Tuesday, January 28, 2014

Pocket Chore Chart of Choices

I have a hard time throwing things away. Like old pairs of pants that are torn up and can't be worn. It's still fabric you know and I just can't bring myself to throw them away. So I've been collecting pockets from our old worn out pants for the past while and have been pondering what to do with them.
Add to that, the fact that I've been trying to teach my kids to do chores. To not much avail! They fight me on it and I'm terribly inconsistent. So this is what I came up with.

The Chore Chart of Choices

I was experiencing the big dilemma of rewards vs. punishment. It seems like most people claim rewards work better and are better, but I have a certain child who doesn't really care if there is a reward, she just refuses to do chores if she doesn't want to. This leads me to be inconsistent with the consequences of her disobedience and depending on my mood I do anything from ignoring her and just doing the chore myself, to getting angry and doling out random punishments. But then I realized that it's not really fair to her that I randomly just ask her to do a chore every few days and expect her to do it on my own time, or suffer an unknown consequence, or none at all.
So all this pondering led me to the choices chart. I thought, why not combine rewards and punishments and teach the kids about choice and consequences. In other words, accountability. It might sound complicated, but it makes sense to me.
So they will be required to choose some chores from the chore pockets each day. They may choose to do the chore if they wish and when it's done they can pick a reward. If they choose not to do the chore they can pick a punishment. I really think this will save me from getting frustrated and angry because I don't really care what they choose (don't tell them that though) as long as they are learning a lesson here not only about helping out with chores around the house, but also how every choice brings consequences.
The chores are age appropriate things they can accomplish mostly on their own. The rewards range from getting a piggy back ride to having some screen time. The punishments are also age appropriate and range from sitting in timeout to losing toys.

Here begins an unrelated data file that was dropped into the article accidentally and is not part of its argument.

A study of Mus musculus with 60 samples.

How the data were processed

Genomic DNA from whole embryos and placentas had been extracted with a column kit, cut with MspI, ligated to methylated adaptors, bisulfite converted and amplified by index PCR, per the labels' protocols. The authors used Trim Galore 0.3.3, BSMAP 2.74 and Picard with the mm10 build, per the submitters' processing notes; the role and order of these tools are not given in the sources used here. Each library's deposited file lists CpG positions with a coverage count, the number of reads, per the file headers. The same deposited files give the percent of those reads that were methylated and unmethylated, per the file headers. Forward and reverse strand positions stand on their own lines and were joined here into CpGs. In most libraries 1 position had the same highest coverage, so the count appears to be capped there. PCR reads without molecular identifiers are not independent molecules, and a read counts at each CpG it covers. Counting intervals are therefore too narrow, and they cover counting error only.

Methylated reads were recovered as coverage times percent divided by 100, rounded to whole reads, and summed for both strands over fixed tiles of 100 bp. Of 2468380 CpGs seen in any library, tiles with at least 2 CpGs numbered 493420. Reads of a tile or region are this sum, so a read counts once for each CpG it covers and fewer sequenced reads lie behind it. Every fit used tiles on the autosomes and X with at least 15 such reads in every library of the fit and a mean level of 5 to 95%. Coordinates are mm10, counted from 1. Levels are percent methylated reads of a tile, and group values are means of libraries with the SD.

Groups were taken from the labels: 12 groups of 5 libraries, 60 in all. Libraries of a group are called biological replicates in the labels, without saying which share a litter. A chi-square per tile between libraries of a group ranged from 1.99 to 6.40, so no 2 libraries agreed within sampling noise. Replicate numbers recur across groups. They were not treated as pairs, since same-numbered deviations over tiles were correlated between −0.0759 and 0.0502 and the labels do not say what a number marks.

I think in life we can make choices and sometimes we have a good idea of what the consequence will be (If I don't pay this bill, I'll probably be fined) but sometimes we don't comprehend the consequence until it happens. So, the punishments vary but I try to match them to the chore.
We'll see how this little experiment works. I already know that one certain child of mine will be excited to do the chores and pick the rewards every time. I am curious to see how the other one reacts to it, and how often she will choose to just take the punishment.


  1. Very cool! It's fun to see you seeing and blogging about it again. This looks like a very fun way to make chores interesting and rewarding. I hope your girls are motivated to pitch in.

  2. Thanks for your support Mom! And just for a little one day update, this worked out amazingly yesterday! The kids came home from school and were super excited to try out the chart and they all chose to do the chores and get the rewards. And they did the chores happily. We'll see how long this lasts.

  3. What an interesting idea! I will have to consider it. Right now my kids have daily chores they do and can earn a dollar at the end of the week. I didn't want to pay them for chores but it has worked out great. No chores = no money. When ever they want a toy, or a treat or a trip to the dollar store I ask them if they have the money. I no longer have to pay for these things. Eliza saved her money for months and bought some polly pockets. They still are expected to make their bed and stuff like that without pay because they are in the family!